Objection 1: It would seem that something of faith and hope remains in glory. For when that which is proper to a thing is removed, there remains what is common; thus it is stated in De Causis that |if you take away rational, there remains living, and when you remove living, there remains being.| Now in faith there is something that it has in common with beatitude, viz. knowledge: and there is something proper to it, viz. darkness, for faith is knowledge in a dark manner. Therefore, the darkness of faith removed, the knowledge of faith still remains.
Objection 2: Further, faith is a spiritual light of the soul, according to Eph.1:17,18: |The eyes of your heart enlightened . . . in the knowledge of God|; yet this light is imperfect in comparison with the light of glory, of which it is written (Ps.35:10): |In Thy light we shall see light.| Now an imperfect light remains when a perfect light supervenes: for a candle is not extinguished when the sun's rays appear. Therefore it seems that the light of faith itself remains with the light of glory.
Objection 3: Further, the substance of a habit does not cease through the withdrawal of its matter: for a man may retain the habit of liberality, though he have lost his money: yet he cannot exercise the act. Now the object of faith is the First Truth as unseen. Therefore when this ceases through being seen, the habit of faith can still remain.
On the contrary, Faith is a simple habit. Now a simple thing is either withdrawn entirely, or remains entirely. Since therefore faith does not remain entirely, but is taken away as stated above (A), it seems that it is withdrawn entirely.
I answer that, Some have held that hope is taken away entirely: but that faith is taken away in part, viz. as to its obscurity, and remains in part, viz. as to the substance of its knowledge. And if this be understood to mean that it remains the same, not identically but generically, it is absolutely true; since faith is of the same genus, viz. knowledge, as the beatific vision. On the other hand, hope is not of the same genus as heavenly bliss: because it is compared to the enjoyment of bliss, as movement is to rest in the term of movement.
But if it be understood to mean that in heaven the knowledge of faith remains identically the same, this is absolutely impossible. Because when you remove a specific difference, the substance of the genus does not remain identically the same: thus if you remove the difference constituting whiteness, the substance of color does not remain identically the same, as though the identical color were at one time whiteness, and, at another, blackness. The reason is that genus is not related to difference as matter to form, so that the substance of the genus remains identically the same, when the difference is removed, as the substance of matter remains identically the same, when the form is changed: for genus and difference are not the parts of a species, else they would not be predicated of the species. But even as the species denotes the whole, i.e. the compound of matter and form in material things, so does the difference, and likewise the genus; the genus denotes the whole by signifying that which is material; the difference, by signifying that which is formal; the species, by signifying both. Thus, in man, the sensitive nature is as matter to the intellectual nature, and animal is predicated of that which has a sensitive nature, rational of that which has an intellectual nature, and man of that which has both. So that the one same whole is denoted by these three, but not under the same aspect.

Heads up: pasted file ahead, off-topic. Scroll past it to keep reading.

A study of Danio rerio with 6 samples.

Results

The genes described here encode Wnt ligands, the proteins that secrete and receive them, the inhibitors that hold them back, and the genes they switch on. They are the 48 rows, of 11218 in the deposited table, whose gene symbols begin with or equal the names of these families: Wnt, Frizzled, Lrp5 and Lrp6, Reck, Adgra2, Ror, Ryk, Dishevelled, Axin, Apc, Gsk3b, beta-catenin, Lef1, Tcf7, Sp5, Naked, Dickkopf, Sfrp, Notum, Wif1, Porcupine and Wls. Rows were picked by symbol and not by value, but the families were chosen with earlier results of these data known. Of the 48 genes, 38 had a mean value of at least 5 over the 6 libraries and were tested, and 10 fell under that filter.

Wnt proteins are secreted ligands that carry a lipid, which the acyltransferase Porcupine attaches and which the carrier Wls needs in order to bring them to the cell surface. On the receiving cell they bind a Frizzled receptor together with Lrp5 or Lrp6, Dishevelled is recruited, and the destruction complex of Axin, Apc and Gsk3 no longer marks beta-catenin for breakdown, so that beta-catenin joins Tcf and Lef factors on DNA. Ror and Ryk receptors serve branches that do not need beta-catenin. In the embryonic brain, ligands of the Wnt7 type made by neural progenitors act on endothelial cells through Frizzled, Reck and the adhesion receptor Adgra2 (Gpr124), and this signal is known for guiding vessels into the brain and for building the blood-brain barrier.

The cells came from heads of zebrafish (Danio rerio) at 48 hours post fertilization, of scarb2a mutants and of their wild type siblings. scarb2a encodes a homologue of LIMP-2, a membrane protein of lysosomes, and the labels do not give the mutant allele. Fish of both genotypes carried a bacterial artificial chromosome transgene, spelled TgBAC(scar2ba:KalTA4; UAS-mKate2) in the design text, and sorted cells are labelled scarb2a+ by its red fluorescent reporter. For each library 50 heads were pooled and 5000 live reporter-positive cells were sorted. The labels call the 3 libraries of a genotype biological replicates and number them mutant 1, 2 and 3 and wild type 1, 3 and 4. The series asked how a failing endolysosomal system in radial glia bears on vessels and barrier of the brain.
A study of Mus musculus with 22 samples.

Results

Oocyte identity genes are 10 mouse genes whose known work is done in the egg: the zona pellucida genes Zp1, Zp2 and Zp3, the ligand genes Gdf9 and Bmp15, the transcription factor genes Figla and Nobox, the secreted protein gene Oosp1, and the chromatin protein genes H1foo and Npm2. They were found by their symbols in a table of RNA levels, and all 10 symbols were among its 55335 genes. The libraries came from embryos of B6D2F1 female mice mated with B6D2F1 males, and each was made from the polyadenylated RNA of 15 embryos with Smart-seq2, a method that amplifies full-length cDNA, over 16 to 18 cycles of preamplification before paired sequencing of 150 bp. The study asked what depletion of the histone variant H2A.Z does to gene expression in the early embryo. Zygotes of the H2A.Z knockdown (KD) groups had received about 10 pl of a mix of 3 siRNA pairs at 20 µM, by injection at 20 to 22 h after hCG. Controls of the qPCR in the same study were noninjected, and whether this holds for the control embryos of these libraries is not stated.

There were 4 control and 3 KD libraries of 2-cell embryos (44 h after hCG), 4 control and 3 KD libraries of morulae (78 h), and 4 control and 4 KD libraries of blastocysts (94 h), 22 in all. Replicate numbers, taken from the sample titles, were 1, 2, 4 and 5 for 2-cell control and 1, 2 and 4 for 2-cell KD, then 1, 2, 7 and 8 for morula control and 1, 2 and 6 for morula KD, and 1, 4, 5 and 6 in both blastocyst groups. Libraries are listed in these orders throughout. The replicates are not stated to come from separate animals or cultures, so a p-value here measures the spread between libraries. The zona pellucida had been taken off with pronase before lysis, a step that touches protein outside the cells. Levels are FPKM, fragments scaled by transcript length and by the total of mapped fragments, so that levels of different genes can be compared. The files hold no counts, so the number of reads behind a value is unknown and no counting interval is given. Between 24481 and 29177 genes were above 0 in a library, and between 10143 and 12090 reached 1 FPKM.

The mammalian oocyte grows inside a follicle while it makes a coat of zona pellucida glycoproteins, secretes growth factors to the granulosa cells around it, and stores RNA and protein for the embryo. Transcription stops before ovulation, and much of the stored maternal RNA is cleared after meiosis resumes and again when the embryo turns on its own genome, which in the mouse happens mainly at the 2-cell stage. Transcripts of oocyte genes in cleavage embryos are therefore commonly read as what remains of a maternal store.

It is therefore evident that, since the signification of the difference is confined to the genus if the difference be removed, the substance of the genus cannot remain the same: for the same animal nature does not remain, if another kind of soul constitute the animal. Hence it is impossible for the identical knowledge, which was previously obscure, to become clear vision. It is therefore evident that, in heaven, nothing remains of faith, either identically or specifically the same, but only generically.
Reply to Objection 1: If |rational| be withdrawn, the remaining |living| thing is the same, not identically, but generically, as stated.
Reply to Objection 2: The imperfection of candlelight is not opposed to the perfection of sunlight, since they do not regard the same subject: whereas the imperfection of faith and the perfection of glory are opposed to one another and regard the same subject. Consequently they are incompatible with one another, just as light and darkness in the air.
Reply to Objection 3: He that loses his money does not therefore lose the possibility of having money, and therefore it is reasonable for the habit of liberality to remain. But in the state of glory not only is the object of faith, which is the unseen, removed actually, but even its possibility, by reason of the unchangeableness of heavenly bliss: and so such a habit would remain to no purpose.